Welcome to my website!
My name is Caroline Séquin. I am a historian of modern Europe at Lafayette College, Easton PA. I earned my PhD in History at the University of Chicago. My research interests include the history of modern France and the French empire; the history of gender and sexuality; race and racism; and migration.
My first book, Desiring Whiteness: A Racial History of Prostitution in France and Colonial Senegal, 1848-1950 will be out with Cornell University Press in October 2024. Desiring Whiteness uncovers the intertwined history of sexual and racial politics in France and colonial Senegal. Since the French Revolution of 1789, the absence of laws banning interracial marriages has served to reinforce two myths about modern France—first, as a sexual democracy and second, as a color-blind nation where all French citizens can freely marry whomever they wish regardless of their race. The book challenges this narrative of French exceptionalism by revealing the role of prostitution regulation in policing intimate relationships across racial and colonial boundaries in the century following the abolition of slavery.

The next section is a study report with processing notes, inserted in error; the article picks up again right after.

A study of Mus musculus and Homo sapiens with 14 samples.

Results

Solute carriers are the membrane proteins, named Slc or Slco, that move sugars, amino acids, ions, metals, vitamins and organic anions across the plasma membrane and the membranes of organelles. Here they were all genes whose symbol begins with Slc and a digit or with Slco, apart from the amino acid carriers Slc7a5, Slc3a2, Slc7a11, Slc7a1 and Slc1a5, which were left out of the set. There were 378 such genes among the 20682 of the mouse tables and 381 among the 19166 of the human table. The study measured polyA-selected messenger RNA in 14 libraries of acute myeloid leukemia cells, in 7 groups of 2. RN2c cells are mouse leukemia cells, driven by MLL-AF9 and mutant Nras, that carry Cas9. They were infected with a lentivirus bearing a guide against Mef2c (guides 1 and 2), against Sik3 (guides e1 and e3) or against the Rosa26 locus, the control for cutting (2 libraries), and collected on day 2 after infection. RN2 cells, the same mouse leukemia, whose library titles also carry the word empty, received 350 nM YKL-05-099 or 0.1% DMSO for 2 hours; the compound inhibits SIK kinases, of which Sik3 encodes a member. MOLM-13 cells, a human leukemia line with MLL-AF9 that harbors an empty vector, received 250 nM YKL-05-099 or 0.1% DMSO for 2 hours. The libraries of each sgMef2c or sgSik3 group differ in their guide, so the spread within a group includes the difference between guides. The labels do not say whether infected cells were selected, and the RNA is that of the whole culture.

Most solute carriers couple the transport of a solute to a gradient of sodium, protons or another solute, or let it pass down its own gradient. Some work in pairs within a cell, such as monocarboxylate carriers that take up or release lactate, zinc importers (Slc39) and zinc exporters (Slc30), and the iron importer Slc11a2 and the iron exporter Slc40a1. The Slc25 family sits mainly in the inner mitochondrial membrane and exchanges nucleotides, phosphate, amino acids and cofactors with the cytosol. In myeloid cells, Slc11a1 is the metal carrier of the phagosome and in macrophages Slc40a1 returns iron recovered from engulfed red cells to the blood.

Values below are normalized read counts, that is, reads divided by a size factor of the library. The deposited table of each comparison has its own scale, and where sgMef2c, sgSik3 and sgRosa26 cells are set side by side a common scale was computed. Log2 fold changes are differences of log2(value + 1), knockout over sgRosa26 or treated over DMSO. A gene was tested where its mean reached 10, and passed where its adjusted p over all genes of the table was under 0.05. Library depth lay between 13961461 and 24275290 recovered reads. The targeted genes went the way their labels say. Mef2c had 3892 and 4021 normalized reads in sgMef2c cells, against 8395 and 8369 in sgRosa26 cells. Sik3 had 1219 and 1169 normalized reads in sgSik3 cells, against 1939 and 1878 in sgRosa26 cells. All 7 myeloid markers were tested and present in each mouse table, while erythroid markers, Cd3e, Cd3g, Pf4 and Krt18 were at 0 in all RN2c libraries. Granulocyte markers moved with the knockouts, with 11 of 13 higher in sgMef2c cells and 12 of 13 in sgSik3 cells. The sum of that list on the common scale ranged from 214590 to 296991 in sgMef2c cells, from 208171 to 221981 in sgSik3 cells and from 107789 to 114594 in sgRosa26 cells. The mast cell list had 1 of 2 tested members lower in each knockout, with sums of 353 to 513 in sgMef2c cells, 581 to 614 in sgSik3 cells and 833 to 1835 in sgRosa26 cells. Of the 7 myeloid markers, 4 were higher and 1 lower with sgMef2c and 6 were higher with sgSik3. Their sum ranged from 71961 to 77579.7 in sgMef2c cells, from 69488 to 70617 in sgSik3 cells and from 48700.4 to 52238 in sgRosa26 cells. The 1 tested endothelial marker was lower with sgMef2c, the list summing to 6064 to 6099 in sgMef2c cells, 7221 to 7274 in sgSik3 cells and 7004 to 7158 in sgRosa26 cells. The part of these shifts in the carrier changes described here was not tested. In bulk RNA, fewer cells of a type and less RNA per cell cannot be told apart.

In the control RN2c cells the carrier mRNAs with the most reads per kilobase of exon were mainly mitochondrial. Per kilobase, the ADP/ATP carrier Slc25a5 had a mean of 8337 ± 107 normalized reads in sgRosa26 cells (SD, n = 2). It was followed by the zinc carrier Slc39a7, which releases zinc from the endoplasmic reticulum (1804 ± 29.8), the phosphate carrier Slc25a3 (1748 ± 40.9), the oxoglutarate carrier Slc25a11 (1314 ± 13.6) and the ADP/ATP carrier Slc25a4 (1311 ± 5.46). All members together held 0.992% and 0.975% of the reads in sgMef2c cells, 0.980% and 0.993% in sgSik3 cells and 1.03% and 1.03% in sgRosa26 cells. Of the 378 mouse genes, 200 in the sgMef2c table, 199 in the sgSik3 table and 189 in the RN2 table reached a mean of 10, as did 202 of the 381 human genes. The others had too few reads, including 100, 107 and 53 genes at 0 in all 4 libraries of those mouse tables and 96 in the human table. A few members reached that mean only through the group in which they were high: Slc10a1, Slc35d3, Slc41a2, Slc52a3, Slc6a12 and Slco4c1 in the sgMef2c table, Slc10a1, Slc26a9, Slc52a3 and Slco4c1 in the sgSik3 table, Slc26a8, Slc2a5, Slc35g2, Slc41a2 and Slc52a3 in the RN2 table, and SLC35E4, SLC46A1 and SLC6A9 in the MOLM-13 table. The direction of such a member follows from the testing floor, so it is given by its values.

Desiring Whiteness traces the rise and fall of the “French model” of prostitution policing in the “contact zones” of port cities and garrison towns across France and in Dakar, Senegal, the main maritime entry point of French West Africa. I describe how the regulation of prostitution covertly policed racial relations and contributed to the making of white French identity in an imperial nation-state that claimed to be race-blind. I also examine how sex industry workers exploited, reinforced, or transgressed the racial boundaries of colonial rule.
My second book project explores the history of binational marriages and migration in the twentieth century.
Today, my life is split between the United States and the Francophone world. I have undertaken extensive archival trips in Fort-de-France (Martinique), Dakar (Senegal), Paris, Aix-en-Provence, and Bordeaux (France), and look forward to many more archival (and not so archival) adventures.